The trial of Oscar Pistorius moves into its third week in Pretoria, South Africa and the case continues to receive international headlines because of his former Olympian’s notoriety. Pistorius, aka “The Blade Runner” represented South Africa in the Olympics despite being a double amputee. His story served as inspiration to millions of handicapped persons and continues to do so despite the criminal allegations against him. Pistorius is charged with the murder of his girlfriend, South African model, Reeva Steenkamp. While Pistorius has admitted that he shot and killed her, he maintains that the killing was accidental and that he believed her to be an intruder in his home. Evidence removed from the home included a bathroom door which Pistorius allegedly shot through with three hollow point bullets, killing Steenkamp instantly.
The outcome of this trial will have little effect on the issue of self-defense in the United States but it serves as a strong example of the stark difference between the concept under our laws and those within South Africa. In South Africa, incredibly, it is illegal to shoot an intruder in your home unless that intruder poses a threat to you (i.e. approaches with a weapon). This issue presents the Pistorius defense team with a major problem as Steenkamp was unarmed. Further, the defense concedes that Pistorius shot through a door, which prevented him from identifying not only the victim’s identity but also the threat level element which South African law requires. The case against Pistorius is circumstantial, as he and his alleged victim were alone, but as in the United States, circumstantial evidence is enough to convict someone of murder.
Pistorius’s defense would have higher probability of success in the United States as the concept self-defense is usually the strongest if the force exerted is done so within one’s own home. Pennsylvania, for example, like other jurisdictions in our country, has always provided individuals with the legal right to employ the use of deadly force to defend themselves and others within their home. Most states memorialize this legal principal known as the Castle Doctrine in a statute which is commonly referred to as the “Stand Your Ground” Law.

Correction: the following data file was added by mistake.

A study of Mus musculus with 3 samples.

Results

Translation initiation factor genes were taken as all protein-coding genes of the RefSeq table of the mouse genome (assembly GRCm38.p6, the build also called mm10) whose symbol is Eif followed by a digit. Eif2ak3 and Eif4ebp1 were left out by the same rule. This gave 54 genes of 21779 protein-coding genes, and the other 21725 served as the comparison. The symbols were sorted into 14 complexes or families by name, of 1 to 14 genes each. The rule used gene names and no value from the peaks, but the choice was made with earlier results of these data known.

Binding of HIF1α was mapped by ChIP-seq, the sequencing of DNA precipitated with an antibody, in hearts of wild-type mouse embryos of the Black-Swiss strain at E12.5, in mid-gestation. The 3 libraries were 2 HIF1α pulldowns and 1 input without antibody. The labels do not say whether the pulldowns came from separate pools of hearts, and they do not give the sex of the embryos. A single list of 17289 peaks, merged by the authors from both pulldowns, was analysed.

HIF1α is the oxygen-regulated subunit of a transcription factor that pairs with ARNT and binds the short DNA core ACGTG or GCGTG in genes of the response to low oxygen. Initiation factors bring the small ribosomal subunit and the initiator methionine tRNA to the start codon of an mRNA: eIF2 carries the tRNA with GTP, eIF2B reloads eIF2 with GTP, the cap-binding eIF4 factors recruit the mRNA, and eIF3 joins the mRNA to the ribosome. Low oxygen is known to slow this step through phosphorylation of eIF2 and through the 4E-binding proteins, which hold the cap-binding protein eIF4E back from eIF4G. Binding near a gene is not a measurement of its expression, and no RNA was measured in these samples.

Unlike South Africa, there is no requirement that a person demonstrate a threat of harm, especially in one’s own home. Many states, including Pennsylvania, have actually expanded “Stand Your Ground” to allow citizens to use deadly force in areas beyond their home such as driveways and city streets. This use of deadly force in these areas is defendable as a justifiable homicide provided that the actual justification exists.
Justifiable homicide was the major issue in the Trayvon Martin case and George Zimmerman’s acquittal. While the facts in the Martin case are entirely different, the verdict in that case may have been very different if Zimmerman’s defense team had to overcome what Pistorius must overcome here. Unlike South Africa, the concept of self-defense is deeply rooted in our nation’s founding and memorialized in our 2nd Amendment. While opponents to the expanded “Stand Your Ground” argue that it opens the door to further violence, many believe it simply affirms a citizen’s right of self-defense under the Constitution.